Scientists travel to Port Hedland to monitor NASA spacecraft Lucy as it passes Earth

Alexander ScottPilbara News
An illustration depicting the Lucy spacecraft passing one of the Trojan Asteroids near Jupiter.
Camera IconAn illustration depicting the Lucy spacecraft passing one of the Trojan Asteroids near Jupiter. Credit: Supplied/Southwest Research Institute/Southwest Research Institute

Curtin University scientists will travel to the Pilbara to aid NASA in observing a spacecraft as it passes close to Earth on its mission to explore Trojan asteroids orbiting Jupiter and uncover the secrets of how the universe was formed.

The team from Curtin’s Desert Fireball Network will be in Port Hedland to observe the Earth encounter by the Lucy spacecraft on October 16.

The network is a series of 52 autonomous stations across Australia designed to track meteorites as they enter the atmosphere and pinpoint their fall positions.

NASA’s Lucy mission, which launched into orbit last year, will explore an asteroid in the Solar System’s main asteroid belt and another seven Trojan asteroids.


The spacecraft will swing back towards the Earth for another gravity assist in 2024, which will propel Lucy towards the Donaldjohanson asteroid in the Solar System’s main asteroid belt in 2025.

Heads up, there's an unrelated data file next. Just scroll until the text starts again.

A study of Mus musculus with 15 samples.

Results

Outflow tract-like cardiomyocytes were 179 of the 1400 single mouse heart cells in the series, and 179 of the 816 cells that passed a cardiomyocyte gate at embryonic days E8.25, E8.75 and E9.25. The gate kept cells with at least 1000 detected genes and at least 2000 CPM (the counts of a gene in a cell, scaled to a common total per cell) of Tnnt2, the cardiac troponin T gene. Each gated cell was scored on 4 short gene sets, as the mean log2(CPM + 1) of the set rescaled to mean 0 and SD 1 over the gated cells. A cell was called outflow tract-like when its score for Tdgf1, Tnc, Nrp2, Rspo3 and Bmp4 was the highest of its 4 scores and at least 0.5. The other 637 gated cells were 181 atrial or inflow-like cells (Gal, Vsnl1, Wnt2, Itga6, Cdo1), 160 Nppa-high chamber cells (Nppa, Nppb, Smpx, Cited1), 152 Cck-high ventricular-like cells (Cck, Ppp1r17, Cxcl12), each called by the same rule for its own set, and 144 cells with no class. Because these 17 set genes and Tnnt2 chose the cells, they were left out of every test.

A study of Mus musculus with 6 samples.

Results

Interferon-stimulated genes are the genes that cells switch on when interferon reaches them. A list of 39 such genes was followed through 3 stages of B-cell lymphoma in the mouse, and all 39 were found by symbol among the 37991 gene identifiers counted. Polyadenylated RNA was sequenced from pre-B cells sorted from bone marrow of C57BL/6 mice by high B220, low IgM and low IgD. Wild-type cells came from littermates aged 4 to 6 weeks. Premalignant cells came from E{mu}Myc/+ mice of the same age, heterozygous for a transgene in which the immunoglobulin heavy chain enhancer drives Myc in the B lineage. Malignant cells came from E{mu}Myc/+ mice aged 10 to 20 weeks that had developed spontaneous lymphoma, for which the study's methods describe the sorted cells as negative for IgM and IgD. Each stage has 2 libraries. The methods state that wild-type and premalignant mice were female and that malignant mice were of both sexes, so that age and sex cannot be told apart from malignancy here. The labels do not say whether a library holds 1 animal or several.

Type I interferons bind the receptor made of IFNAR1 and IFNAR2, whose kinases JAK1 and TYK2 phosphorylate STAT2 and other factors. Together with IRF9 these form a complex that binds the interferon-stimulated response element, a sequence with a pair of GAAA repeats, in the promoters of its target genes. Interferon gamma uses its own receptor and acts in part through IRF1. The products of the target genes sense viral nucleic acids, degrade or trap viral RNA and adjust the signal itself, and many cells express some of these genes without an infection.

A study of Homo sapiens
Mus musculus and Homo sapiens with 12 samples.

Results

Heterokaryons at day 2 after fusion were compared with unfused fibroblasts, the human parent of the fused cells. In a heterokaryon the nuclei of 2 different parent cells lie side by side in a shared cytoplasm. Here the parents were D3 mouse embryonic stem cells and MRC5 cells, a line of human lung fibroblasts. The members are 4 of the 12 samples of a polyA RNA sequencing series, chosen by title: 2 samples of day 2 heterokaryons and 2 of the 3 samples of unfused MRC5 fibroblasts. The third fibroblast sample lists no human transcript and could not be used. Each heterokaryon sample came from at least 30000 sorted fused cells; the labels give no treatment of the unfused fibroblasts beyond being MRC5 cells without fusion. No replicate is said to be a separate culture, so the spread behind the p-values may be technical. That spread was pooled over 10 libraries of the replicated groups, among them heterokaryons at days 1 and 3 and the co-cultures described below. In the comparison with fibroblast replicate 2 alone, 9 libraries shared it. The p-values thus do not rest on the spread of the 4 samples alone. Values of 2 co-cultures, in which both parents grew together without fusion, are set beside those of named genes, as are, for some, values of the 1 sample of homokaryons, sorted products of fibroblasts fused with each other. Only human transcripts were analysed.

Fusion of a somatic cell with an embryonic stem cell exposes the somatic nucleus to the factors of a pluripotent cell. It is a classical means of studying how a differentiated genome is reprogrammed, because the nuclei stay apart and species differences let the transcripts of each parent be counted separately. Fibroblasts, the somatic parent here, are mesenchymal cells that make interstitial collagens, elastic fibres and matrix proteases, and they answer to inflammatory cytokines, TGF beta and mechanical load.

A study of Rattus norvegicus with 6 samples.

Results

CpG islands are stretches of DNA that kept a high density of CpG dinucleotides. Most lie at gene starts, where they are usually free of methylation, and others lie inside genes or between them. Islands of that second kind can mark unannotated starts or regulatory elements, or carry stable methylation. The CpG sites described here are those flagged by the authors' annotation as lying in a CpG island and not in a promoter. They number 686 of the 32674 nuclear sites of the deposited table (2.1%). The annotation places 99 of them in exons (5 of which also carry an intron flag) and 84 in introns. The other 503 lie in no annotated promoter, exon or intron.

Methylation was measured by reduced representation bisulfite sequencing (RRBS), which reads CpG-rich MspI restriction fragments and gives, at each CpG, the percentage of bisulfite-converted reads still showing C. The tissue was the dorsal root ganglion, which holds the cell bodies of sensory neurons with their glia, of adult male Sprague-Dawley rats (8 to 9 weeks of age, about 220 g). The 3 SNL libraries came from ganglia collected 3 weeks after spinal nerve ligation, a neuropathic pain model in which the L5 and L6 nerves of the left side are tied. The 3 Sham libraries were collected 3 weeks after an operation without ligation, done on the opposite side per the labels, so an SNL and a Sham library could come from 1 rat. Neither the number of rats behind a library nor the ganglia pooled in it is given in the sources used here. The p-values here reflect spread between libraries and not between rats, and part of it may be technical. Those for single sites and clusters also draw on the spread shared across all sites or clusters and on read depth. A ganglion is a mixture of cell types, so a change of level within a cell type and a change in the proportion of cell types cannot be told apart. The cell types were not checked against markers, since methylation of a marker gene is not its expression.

Curtin’s Space Science and Technology Centre’s planetary scientist Dr Eleanor Sansom said the Desert Fireball Network would capture video footage of Lucy as it flew closest to the Earth about 7pm on October 16.

“We are absolutely thrilled to be selected by NASA as the preferred near-Earth observation team in the southern hemisphere,” she said.

“After travelling at about 108,000 kilometres per hour around the Sun, Lucy will come back towards the Earth this weekend for the spacecraft’s first gravity assist since launching on October 16 last year.”

Astronomer Dr Hadrien Devillepoix said the team would be trying to get a glimpse of Lucy’s solar panel reflecting the Sun.

“Hopefully that will tell the NASA engineers whether the panels have fully deployed and are locked in place — a critical step before Lucy can fire up its main engine,” Dr Devillepoix said.

“The spacecraft will get very close to the Earth at a similar altitude as low-Earth orbiting satellites like the International Space Station, so people near Port Hedland and Broome will have the best view of this rare sight.”